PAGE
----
Sources of Institutional Capability for Innovation in China’s Catching up Economy: An Explorative Study

Sources of Institutional Capability for Innovation in China’s Catching up Economy: An Explorative Study

Mark Greeven (Zhejiang University, China)
Copyright: © 2014 |Pages: 12
DOI: 10.4018/978-1-4666-4769-5.ch019

However, in some catching up economies, we find innovative activities without the presence of stable supportive institutional conditions. In particular, China draws the attention. A private sector is rapidly emerging with new business models, new organizational forms, and the development of new products and technologies. The emergence of new industries and the commercialization of knowledge-intensive technology such as TD-SCDMA, pictographic language software and new anti-malaria drug suggest that China is becoming more innovative. Private-sector driven innovation is changing China’s industrial landscape (Huang, 2010). These developments are surprising from an institutional perspective on innovation. Emerging economies undergo substantial institutional transformation (Peng, 2003). Instead of reducing risk and uncertainty, institutions become a source of uncertainty, particularly regarding the formal protection of intellectual property, limitations in factor markets and higher search costs for resources (Dixon, Meyer, & Day, 2010). Under such uncertain conditions, firms seem unwise to invest in and develop R&D and marketing capabilities. The question arises on how firms in uncertain institutional conditions then succeed in innovating. Prior research has focused on technology and R&D capabilities, largely neglecting the potential value of other capabilities.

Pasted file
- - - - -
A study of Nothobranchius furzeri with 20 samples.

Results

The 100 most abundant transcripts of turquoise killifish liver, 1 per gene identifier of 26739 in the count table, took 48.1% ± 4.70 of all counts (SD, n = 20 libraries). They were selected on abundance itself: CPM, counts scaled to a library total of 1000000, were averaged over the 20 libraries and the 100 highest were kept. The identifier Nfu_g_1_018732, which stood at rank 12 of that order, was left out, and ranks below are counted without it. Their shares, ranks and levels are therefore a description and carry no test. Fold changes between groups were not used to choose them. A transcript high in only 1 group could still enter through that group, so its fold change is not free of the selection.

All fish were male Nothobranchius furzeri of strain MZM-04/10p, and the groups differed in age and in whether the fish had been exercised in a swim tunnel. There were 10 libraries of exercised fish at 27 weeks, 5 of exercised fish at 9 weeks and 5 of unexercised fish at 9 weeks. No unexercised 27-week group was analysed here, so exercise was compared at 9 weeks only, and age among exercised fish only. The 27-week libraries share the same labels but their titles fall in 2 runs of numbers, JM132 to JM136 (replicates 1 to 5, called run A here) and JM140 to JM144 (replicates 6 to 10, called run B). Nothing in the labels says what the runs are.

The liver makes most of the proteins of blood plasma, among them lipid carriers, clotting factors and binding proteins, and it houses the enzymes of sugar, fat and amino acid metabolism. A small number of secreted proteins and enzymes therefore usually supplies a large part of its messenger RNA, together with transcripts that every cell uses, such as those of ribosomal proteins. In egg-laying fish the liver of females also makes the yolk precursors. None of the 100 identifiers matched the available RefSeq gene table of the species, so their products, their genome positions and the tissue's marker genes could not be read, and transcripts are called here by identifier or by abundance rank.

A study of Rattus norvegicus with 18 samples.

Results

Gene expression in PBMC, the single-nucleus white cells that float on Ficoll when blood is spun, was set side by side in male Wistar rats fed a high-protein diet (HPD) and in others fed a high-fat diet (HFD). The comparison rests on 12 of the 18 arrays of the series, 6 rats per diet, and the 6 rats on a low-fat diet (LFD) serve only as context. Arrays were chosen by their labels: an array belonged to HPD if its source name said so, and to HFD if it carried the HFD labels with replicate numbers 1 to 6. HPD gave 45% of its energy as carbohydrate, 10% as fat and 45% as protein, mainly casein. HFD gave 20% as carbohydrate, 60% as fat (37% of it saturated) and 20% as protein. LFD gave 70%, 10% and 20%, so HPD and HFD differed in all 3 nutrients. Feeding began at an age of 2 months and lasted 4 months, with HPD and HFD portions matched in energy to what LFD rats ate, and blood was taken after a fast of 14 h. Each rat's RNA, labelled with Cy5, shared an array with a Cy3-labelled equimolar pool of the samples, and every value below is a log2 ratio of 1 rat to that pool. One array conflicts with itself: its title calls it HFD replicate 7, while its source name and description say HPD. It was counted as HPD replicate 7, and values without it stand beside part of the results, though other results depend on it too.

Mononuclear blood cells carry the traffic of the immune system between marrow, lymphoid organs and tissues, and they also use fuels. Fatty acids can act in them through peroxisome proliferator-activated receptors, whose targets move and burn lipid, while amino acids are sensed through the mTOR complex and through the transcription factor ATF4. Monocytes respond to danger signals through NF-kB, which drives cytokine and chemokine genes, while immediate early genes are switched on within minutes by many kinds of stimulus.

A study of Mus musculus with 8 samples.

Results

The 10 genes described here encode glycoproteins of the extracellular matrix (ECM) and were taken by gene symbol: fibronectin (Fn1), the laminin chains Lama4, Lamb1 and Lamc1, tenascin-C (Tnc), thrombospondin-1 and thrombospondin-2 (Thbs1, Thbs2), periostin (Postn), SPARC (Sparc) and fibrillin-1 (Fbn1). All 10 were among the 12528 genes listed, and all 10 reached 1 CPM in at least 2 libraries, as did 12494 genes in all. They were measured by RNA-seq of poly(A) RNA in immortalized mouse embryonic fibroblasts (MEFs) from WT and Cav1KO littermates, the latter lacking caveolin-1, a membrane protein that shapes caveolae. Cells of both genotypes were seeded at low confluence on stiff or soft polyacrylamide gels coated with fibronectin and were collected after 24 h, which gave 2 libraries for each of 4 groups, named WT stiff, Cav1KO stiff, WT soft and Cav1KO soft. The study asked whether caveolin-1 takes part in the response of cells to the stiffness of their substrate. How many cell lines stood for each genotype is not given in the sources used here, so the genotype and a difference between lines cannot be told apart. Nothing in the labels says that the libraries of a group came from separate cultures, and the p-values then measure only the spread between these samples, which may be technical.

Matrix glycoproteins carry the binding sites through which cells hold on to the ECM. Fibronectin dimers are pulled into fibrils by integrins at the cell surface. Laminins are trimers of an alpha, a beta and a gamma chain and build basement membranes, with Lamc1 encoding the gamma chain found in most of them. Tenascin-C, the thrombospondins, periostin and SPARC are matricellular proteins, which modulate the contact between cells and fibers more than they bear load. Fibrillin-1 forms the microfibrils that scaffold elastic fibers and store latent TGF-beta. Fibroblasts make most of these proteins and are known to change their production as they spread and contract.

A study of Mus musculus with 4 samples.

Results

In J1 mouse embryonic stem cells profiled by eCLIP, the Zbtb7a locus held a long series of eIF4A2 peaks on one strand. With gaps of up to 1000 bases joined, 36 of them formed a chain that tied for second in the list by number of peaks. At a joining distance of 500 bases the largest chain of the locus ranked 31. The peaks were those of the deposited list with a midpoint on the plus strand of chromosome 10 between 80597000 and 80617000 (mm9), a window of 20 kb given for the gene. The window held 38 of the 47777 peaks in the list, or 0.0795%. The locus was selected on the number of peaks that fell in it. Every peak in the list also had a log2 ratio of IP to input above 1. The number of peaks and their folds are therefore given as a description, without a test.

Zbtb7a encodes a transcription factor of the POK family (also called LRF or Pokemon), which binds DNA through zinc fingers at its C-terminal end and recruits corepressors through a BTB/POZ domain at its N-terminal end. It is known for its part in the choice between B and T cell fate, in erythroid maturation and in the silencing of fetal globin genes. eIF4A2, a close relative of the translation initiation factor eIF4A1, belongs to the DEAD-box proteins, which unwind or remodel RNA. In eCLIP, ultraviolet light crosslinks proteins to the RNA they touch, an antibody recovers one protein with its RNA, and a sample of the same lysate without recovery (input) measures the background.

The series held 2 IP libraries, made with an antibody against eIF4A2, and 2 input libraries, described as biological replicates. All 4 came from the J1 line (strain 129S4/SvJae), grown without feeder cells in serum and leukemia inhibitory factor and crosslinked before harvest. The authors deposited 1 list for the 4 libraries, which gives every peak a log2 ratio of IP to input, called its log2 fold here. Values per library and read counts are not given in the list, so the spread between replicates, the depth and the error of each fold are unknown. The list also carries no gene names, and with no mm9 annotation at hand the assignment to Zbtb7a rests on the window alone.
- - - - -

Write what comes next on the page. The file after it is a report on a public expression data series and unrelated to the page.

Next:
Firms in emerging economies may develop alternative strategies to secure appropriability and mobilize resources. The literature on institutional voids suggests that firms may develop informal practices to overcome the constraints of uncertain institutions and ‘fill the void’ (Khanna & Palepu, 2000; Roth & Kostova, 200). Previous research on emerging economies has usefully explored the use of informal institutions (Peng, 2003), the guanxi effect (Xin & Pearce, 1996; Perks, Khan, & Zhang, 2009; Siu & Bao, 2008), institutional coping strategies (Roth & Kostova, 2003), network strategies (Siu & Bao, 2008) and political strategies (Wan, 2005) by entrepreneurial firms. However, it remains unclear what the sources of such strategies and capabilities are.

Built on previous literature, we propose that firms may develop an institutional capability for innovation. Whereas previous research has mostly looked at institutional capability of countries, we contend that institutional capabilities at the organizational level may facilitate innovating firms in emerging markets. Institutional capability refers to an organizational capability that allows a firm to take over certain functions of institutions that otherwise reduce the risk and uncertainty of innovative activity. In this chapter we focus on the sources of institutional capabilities. Through an explorative qualitative study of 45 private software ventures in Zhejiang province, we identify three sources of institutional capability. We conclude by emphasizing the need for further research on institutional capability of innovating firms in catching up economies.